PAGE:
Whether There’s an Ebola Outbreak in the U.S. Depends on the Definition of ‘Outbreak’
Amid signs of a growing Ebola outbreak in the United States, the White House insisted Wednesday afternoon that the virus is contained, despite new warnings to Americans from the Centers for Disease Control (CDC) to take precautions and be vigilant. After news that a second health care worker in Dallas contracted the deadly disease, the ...
Amid signs of a growing Ebola outbreak in the United States, the White House insisted Wednesday afternoon that the virus is contained, despite new warnings to Americans from the Centers for Disease Control (CDC) to take precautions and be vigilant.
After news that a second health care worker in Dallas contracted the deadly disease, the CDC asked the 132 passengers who traveled with the new patient on Frontier Airlines Flight 1143 from Cleveland to Dallas on Oct. 13 to contact the CDC, regardless of whether or not they’re exhibiting symptoms. The CDC said that the second Ebola patient, who treated America’s patient zero, Thomas Eric Duncan, "should not have traveled."
Soon after, President Barack Obama canceled a trip to New Jersey and Connecticut and scheduled a meeting with his cabinet to discuss the growing number of cases. At an afternoon press conference, White House spokesman Josh Earnest, answering questions about why Obama changed his schedule after the new case was reported but did not alter his plans after pro-Russian separatists downed a plane over Ukraine in May, refused to call the situation an Ebola outbreak or epidemic.
"Our medical experts tell us that the risk is quite low," Earnest said, addressing concerns that the disease is easy to catch. "It is true. It’s guided by the science. That’s what our experts say."
Earnest added that the president has undertaken a "tenacious response that reflects evolving circumstances." He insisted that the real problem is in West Africa, where the epidemic began.
As the White House urged calm, Americans are growing increasingly worried. The CDC’s announcement — ripped from Hollywood movies and other works of fiction — means that U.S. health authorities are tracking down anyone who came into contact with the latest victim, now identified as 29-year-old Amber Joy Vinson. The first nurse who treated Duncan to contract Ebola was Nina Pham. If the CDC follows its own protocol, it will also monitor anyone Frontier Flight 1143 passengers came into contact with.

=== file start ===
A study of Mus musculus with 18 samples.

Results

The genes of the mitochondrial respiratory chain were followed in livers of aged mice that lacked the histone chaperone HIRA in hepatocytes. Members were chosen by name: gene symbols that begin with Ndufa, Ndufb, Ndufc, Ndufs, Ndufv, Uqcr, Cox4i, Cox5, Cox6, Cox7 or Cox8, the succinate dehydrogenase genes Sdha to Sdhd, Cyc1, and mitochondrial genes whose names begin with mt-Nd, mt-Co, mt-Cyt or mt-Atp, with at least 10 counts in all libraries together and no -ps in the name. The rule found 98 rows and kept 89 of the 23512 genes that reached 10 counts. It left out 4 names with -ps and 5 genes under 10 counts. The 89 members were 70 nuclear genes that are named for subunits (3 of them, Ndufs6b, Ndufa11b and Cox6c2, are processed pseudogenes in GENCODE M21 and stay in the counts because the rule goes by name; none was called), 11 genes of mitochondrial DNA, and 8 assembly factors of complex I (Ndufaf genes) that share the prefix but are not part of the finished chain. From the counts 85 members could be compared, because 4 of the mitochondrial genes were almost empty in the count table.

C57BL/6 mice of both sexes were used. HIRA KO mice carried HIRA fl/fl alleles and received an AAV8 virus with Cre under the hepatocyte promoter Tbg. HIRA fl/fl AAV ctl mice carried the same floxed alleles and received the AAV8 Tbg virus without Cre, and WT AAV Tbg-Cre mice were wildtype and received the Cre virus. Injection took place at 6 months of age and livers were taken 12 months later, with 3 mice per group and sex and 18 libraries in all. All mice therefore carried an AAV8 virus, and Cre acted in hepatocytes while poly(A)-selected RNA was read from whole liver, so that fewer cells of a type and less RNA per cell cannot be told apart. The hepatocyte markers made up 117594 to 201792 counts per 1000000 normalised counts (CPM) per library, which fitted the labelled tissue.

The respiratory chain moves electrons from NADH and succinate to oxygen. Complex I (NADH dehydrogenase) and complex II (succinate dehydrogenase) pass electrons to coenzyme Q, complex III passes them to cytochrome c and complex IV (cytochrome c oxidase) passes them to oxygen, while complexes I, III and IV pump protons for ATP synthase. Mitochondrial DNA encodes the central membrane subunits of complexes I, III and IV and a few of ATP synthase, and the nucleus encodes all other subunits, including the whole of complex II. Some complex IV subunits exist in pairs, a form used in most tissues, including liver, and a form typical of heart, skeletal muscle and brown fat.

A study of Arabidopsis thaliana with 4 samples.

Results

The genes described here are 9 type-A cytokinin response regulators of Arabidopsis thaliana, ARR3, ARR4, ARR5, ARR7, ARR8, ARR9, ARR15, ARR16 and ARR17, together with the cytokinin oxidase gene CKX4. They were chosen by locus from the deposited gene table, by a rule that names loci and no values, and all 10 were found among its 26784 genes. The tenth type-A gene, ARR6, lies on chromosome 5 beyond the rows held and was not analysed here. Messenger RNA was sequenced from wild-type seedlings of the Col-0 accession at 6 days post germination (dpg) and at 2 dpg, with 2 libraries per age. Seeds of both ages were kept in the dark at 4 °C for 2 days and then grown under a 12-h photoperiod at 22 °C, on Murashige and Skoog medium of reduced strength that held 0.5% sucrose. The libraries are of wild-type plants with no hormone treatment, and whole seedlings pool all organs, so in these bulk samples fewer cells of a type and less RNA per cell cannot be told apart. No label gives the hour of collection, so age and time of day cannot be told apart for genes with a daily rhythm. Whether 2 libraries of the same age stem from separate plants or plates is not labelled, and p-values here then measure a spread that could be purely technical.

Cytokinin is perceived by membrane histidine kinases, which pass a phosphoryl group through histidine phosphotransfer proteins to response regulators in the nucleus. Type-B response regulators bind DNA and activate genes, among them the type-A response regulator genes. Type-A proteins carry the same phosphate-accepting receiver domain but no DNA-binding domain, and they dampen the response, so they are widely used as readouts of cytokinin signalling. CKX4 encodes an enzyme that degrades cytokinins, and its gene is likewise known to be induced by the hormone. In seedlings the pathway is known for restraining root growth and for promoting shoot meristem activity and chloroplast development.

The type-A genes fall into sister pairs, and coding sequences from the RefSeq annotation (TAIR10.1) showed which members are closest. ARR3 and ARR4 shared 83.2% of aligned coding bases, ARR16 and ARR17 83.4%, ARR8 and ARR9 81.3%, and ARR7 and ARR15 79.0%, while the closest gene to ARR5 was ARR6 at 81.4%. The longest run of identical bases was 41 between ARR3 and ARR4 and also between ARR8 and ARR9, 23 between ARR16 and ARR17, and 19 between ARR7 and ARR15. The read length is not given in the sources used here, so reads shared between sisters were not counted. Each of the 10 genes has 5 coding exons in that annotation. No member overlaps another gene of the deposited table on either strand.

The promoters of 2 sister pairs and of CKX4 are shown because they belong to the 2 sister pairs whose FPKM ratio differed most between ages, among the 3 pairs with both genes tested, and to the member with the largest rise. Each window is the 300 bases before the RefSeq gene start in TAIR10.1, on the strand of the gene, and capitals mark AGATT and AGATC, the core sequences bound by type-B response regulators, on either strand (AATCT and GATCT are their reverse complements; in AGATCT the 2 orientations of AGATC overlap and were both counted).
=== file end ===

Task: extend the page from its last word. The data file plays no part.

The CDC’s tracking follows reverse-911 calls in Dallas initiated by the city, reassuring residents that all areas that could host the virus had been cleaned. Some lawmakers were calling for flight bans to the epidemic’s epicenter even before the latest case and Republicans want Obama to appoint an "Ebola czar" to stop the spread of the disease. Ebola also played a part in a Wall Street sell-off, with the Dow shedding 173 points.
"We need to immediately reconsider our protocols and travel to the African states where Ebola is raging," Sen. Ron Johnson told Foreign Policy on Oct. 1 when news about Duncan contracting the disease broke. "Everyone was hoping it wouldn’t come to our shores but it’s here," and the CDC and government "have to figure out how it got here," said the Wisconsin Republican, who is in line to lead the Senate Homeland Security Committee if the GOP wins control of the Senate next month.
Texas Republican Ted Cruz asked the Federal Aviation Administration to consider banning flights "to countries that have experienced a significant Ebola outbreak," according to Roll Call.
But perhaps the most chilling notion came from Chairman of the Joint Chiefs of Staff Gen. Martin Dempsey, who said on Wednesday that he is concerned the virus could become airborne.
"If you bring two doctors who happen to have that specialty into a room, one will say, ‘No, there is no way it will ever become airborne, but it could mutate so it could be harder to discover,’" he told CNN.
"Then it will be an extraordinarily serious problem," he said. "I don’t know who is right. I don’t want to take that chance, so I am taking it very seriously."
Nicole Duran contributed to this report.